There is an inherent problem in talking about the role of lay people. The term "lay" is negative word, meaning not clerical and it has the connotation of "amateur". But that is only so when thought of in the context of the institution. It is not the same when we think of the church as the Body of Christ, the People of God, a Pilgrim People, sign and sacrament of the Kingdom, or to use two of Pope Francis' favourite images: community of missionary disciples or synodal church, journey together and all listening to one another.
Recently I read an excellent article by Orm Rush on Inverting the Pyramid: The Sensus Fidelium in a Synodal Church. He traces back Francis' emphasis on listening to the sense of the faithful to Lumen Gentium, Vatican ll's Constitution on the Church. He highlights the significance of the Council Fathers rejecting the old order, hierarchy and then laity by insisting that there be a chapter On the People of God and its mission before chapter's differentiating roles. The ecclesiology of Vatican II is primarily baptismal. All the baptised share in the prophetic, priestly and kingly offices of Christ. [LG 10-13] Everything stems from baptism.
For the last century and a half, the emphasis has been on the Pope and the hierarchy and this has led us to an institutional and clerical emphasis that has blinded us to the value of the sensus fidelium, the faith of the whole people of God. That is why Pope Francis insists that we must invert the pyramid. Leadership must be one of service; that we must "journey together" in a synodal way. "It is a mutual listening in which everyone has something to learn. The faithful people, the college of bishops, the Bishop of Rome: all listening to each other, and all listening to the Holy Spirit, the 'Spirit of truth' (Jn 14:17), in order to know what he 'says to the Churches' (Rev 2:7)".
Given our history and deeply ingrained culture, becoming synodal will not be easy. Many lay people will take some convincing that they should speak up. Some are cynical and wonder if the bishops will listen. Others are angry and have plenty to say. We clerics are not always used to encouraging our people to speak up and are not good at listening, especially to criticism. It is going to require conversion on the part of all. Pope Francis is confident that even the papacy must be converted. [EG 32] But how?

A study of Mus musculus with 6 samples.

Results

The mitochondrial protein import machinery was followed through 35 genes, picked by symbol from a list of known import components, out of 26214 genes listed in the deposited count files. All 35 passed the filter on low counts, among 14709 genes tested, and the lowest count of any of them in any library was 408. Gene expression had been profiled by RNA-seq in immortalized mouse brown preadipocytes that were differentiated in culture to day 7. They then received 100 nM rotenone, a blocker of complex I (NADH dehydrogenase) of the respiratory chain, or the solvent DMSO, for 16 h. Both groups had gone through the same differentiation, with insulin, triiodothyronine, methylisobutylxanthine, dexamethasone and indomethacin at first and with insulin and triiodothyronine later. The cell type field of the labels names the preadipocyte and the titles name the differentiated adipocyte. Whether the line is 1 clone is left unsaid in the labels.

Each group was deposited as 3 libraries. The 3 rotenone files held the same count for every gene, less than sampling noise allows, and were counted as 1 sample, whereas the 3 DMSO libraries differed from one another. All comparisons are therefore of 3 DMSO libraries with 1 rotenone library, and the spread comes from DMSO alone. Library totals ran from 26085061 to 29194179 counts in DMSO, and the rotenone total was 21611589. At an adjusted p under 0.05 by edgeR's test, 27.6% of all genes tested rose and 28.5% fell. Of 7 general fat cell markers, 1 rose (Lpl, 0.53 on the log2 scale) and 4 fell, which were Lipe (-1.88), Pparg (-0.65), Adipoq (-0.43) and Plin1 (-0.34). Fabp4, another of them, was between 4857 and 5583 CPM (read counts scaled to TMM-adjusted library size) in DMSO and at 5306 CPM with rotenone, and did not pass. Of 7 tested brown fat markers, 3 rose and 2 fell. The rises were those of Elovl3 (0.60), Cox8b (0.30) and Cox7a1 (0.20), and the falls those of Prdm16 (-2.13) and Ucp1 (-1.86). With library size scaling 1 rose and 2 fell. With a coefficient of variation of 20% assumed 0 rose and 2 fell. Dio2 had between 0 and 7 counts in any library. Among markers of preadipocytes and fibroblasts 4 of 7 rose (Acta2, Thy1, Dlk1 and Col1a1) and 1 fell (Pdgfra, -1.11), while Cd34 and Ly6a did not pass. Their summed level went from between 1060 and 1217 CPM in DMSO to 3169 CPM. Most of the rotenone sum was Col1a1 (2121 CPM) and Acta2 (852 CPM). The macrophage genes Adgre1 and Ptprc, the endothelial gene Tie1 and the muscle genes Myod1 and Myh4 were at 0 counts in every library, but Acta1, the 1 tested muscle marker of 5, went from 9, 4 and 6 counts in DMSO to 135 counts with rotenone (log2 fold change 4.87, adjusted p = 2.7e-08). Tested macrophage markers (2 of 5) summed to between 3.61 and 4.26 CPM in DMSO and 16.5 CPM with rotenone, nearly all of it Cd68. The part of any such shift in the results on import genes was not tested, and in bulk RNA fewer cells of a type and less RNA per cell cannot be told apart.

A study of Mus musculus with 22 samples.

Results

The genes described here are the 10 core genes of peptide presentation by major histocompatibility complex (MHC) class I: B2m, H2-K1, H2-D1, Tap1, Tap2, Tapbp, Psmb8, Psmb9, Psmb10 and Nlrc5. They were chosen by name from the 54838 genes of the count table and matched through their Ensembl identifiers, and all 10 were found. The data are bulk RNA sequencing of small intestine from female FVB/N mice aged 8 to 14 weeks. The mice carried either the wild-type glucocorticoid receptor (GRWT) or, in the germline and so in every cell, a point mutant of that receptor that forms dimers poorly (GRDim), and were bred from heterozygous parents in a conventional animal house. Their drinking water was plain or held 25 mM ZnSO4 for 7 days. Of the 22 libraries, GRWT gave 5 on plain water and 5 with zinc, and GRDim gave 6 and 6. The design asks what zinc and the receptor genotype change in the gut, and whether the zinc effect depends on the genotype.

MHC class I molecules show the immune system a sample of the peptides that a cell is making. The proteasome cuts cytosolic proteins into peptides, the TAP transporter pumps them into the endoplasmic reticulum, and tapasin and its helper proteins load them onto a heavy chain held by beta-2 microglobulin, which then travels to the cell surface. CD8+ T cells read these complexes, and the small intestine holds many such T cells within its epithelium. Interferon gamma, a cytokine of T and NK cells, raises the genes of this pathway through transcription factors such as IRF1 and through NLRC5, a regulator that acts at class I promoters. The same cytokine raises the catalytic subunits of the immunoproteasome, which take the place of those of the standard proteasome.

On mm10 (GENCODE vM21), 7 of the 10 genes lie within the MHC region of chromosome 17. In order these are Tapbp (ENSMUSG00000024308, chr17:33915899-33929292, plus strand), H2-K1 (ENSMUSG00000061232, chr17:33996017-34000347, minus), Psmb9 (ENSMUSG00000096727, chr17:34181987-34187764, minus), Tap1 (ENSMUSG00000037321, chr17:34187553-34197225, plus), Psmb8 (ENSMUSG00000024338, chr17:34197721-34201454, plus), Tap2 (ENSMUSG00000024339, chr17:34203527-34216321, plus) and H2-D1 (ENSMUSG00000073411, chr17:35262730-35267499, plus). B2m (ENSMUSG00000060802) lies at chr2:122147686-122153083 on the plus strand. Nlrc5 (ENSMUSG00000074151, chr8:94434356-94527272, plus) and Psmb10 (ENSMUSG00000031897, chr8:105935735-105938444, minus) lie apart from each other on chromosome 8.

For the Pope, the surest way to conversion is encounter. In Evangelii Gaudium he speaks about the need for "face-to-face encounter with others, with their physical presence which challenges us" [EG 88]; putting "aside our eagerness in order to see and listen to others" [EG146]; and "practice the art of listening... spiritual encounter can occur" [EG 171].
This is where I see the promise of the 2020 Plenary Council. Hopefully in the process of preparing for the Plenary Council we will have plenty of encounters during parish and diocesan consultations, in group meetings, through surveys and social media, through Bishop's listening sessions and so forth. If we are generous, joyful and open we may survive the hurts and misunderstandings and get to know, respect and enjoy one another.
It is likely that our first attempts will be a clumsy. It will probably take time for the real questions and true wisdom to emerge. But Pope Francis encourages us to speak boldly,listen humbly and with an open prayerful heart. He is convinced that "open and fraternal debate makes theological and pastoral thought grow".
We need one another. No longer can one group be set apart and take all the responsibility. That is clearly the lesson of the Royal Commission. In future, we are going to need more lay and female involvement in the governance of the church in Australia on a national, diocesan and parish level. Women and lay people have insights, sensitivities, imagination and skills that are powerful, complementary and cannot be done without. It is the future. It is not only theologically desirable but we may find unexpected joy and life in a synodal church.
Fr Noel Connolly SSC is a lecturer in Missiology at both the Broken Bay Institute and the Catholic Institute of Sydney.